UR received recognition for one of its literary programs at the prestigious London Book Fair earlier this month.
The University’s Three Percent website seeks to expand recognition of international and non-English literature. The somewhat unusual name is a reference to the fact that only three percent of all books published in the U.S. were originally written in a language other than English. Three Percent works in tandem with UR’s publishing imprint, Open Letter, to achieve their goal.
Three Percent was founded in 2007 and since 2008 has given out a Best Translated Book Award (BTBA) each year. The award recognizes the most outstanding English translations of the past year, with the winning book chosen by panels of judges drawn from the publishing and translating communities. One work of fiction and one poetry collection have been recognized each year since 2009.
Dean for Humanities and Interdisciplinary Studies Thomas DiPiero noted that Three Percent and Open Letter “have been recognized internationally almost since their inception seven years ago. The Best Translated Book Award is the latest innovation to come from the talented press staff to champion international book culture.”
That international recognition got a boost on April 8, when the International Book Industry’s Excellence Awards took place at Earls Court Exhibition Center in London, England. One of the honors given out at the event was the International Literary Translation Initiative Award, which went to the UR’s Best Translated Book Award.
The Best Translated Book Award has grown in scope in recent years. In 2011, the program received funding from Internet retailer Amazon, which allowed Three Percent to provide cash prizes to recipients of the award.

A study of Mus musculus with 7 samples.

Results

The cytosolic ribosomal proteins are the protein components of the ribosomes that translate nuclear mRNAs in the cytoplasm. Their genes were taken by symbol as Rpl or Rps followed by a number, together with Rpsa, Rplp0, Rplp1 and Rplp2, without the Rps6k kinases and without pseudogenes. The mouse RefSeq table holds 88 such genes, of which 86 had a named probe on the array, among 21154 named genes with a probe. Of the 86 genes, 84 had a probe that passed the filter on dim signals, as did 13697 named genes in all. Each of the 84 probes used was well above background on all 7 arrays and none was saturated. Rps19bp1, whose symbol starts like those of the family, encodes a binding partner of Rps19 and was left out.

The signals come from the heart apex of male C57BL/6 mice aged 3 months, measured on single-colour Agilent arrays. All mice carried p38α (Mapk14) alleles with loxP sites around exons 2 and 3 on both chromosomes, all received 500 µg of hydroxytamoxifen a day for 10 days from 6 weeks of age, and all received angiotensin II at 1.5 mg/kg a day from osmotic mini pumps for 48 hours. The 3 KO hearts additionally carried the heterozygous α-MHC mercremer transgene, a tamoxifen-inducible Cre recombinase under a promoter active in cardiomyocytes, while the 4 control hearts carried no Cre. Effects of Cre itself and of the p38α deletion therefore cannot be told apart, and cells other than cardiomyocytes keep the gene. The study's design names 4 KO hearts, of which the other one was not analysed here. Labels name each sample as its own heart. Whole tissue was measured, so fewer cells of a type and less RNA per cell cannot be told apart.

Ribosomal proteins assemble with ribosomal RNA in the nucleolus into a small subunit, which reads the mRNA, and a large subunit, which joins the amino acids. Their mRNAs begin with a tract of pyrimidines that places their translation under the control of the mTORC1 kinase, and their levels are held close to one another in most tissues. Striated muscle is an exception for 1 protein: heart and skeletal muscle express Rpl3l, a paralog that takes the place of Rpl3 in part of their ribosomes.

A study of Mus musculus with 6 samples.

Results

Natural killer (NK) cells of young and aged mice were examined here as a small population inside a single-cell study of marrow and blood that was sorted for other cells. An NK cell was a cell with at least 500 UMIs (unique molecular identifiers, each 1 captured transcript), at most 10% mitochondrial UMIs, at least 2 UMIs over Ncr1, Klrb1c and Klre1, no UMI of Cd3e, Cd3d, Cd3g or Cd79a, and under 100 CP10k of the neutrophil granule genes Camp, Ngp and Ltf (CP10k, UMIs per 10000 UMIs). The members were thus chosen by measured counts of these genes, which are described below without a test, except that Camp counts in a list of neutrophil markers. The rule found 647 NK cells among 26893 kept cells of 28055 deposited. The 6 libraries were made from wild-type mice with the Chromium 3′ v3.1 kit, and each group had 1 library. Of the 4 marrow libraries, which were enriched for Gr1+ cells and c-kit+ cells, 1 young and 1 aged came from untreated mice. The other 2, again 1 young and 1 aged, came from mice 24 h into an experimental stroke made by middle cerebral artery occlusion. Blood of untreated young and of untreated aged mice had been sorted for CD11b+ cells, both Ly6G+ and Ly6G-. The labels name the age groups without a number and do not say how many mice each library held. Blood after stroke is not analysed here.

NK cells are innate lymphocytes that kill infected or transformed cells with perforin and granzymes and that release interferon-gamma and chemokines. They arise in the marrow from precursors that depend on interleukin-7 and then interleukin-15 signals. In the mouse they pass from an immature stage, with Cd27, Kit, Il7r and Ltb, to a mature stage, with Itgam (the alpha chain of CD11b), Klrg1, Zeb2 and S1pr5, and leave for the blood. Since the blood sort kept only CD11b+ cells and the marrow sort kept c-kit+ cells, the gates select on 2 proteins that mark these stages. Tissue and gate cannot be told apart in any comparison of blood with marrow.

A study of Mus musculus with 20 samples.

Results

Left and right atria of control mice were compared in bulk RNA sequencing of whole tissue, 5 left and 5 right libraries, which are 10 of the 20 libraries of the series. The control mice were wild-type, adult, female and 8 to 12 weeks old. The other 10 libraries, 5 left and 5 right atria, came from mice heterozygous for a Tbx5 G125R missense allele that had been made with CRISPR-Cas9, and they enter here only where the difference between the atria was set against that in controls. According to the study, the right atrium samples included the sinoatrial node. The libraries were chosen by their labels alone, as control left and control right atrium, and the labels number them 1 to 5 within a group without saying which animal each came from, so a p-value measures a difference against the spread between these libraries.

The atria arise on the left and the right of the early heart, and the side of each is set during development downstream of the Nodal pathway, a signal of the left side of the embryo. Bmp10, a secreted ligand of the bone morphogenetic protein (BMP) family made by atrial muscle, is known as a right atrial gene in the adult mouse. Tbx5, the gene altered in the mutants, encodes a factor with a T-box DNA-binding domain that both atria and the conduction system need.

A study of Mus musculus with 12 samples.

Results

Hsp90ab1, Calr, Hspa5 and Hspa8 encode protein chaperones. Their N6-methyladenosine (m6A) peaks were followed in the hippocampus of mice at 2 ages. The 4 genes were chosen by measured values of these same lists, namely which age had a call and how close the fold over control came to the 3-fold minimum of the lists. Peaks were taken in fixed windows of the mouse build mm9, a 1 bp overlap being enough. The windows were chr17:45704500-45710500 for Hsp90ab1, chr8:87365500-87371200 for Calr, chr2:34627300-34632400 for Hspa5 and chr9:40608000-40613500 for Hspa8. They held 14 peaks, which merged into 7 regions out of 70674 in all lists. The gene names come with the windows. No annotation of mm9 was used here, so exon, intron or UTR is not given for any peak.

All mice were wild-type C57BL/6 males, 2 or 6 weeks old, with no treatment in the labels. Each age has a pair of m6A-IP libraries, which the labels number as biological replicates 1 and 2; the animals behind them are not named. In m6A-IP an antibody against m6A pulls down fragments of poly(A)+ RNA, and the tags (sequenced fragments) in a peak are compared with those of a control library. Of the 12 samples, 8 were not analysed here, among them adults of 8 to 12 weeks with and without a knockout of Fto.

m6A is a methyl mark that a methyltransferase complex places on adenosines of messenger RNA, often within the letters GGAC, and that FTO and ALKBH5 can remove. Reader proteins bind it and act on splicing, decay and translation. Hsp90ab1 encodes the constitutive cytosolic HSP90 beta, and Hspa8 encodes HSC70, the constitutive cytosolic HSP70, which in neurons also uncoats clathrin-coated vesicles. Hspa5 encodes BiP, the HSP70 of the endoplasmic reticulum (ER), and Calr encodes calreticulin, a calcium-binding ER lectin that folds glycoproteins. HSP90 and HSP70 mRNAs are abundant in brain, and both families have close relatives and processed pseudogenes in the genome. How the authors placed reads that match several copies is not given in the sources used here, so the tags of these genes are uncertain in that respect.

Now, Three Percent will have even greater exposure, including a reputation as one of the most important American awards for international literature.
Director of Three Percent Chad Post said of the London Book Fair’s recognition of the award, “It provides us with extra motivation to make the BTBA one of the most prestigious literary awards in the world.”
“This award is a testament to the great work of everyone involved,” Post said in a UR press release earlier this week, “especially the judges, who have read hundreds of books and who continue to promote so many important works of literature in translation.”
Dean DiPiero explained that there are numerous opportunities for student involvement in the realm of international literature. He listed some of the opportunities open to students, including UR’s Literary Translation Studies certificate, as well as student employment at Open Letter press. Regarding undergraduate involvement, Post added that interested students can register for LTS 396: Introduction to Literary Publishing.
Three Percent will announce the winners of the 2014 Best Translated Book Award on their website at 1:00pm on Monday, April 28.
Passanisi is a member of the class of 2017.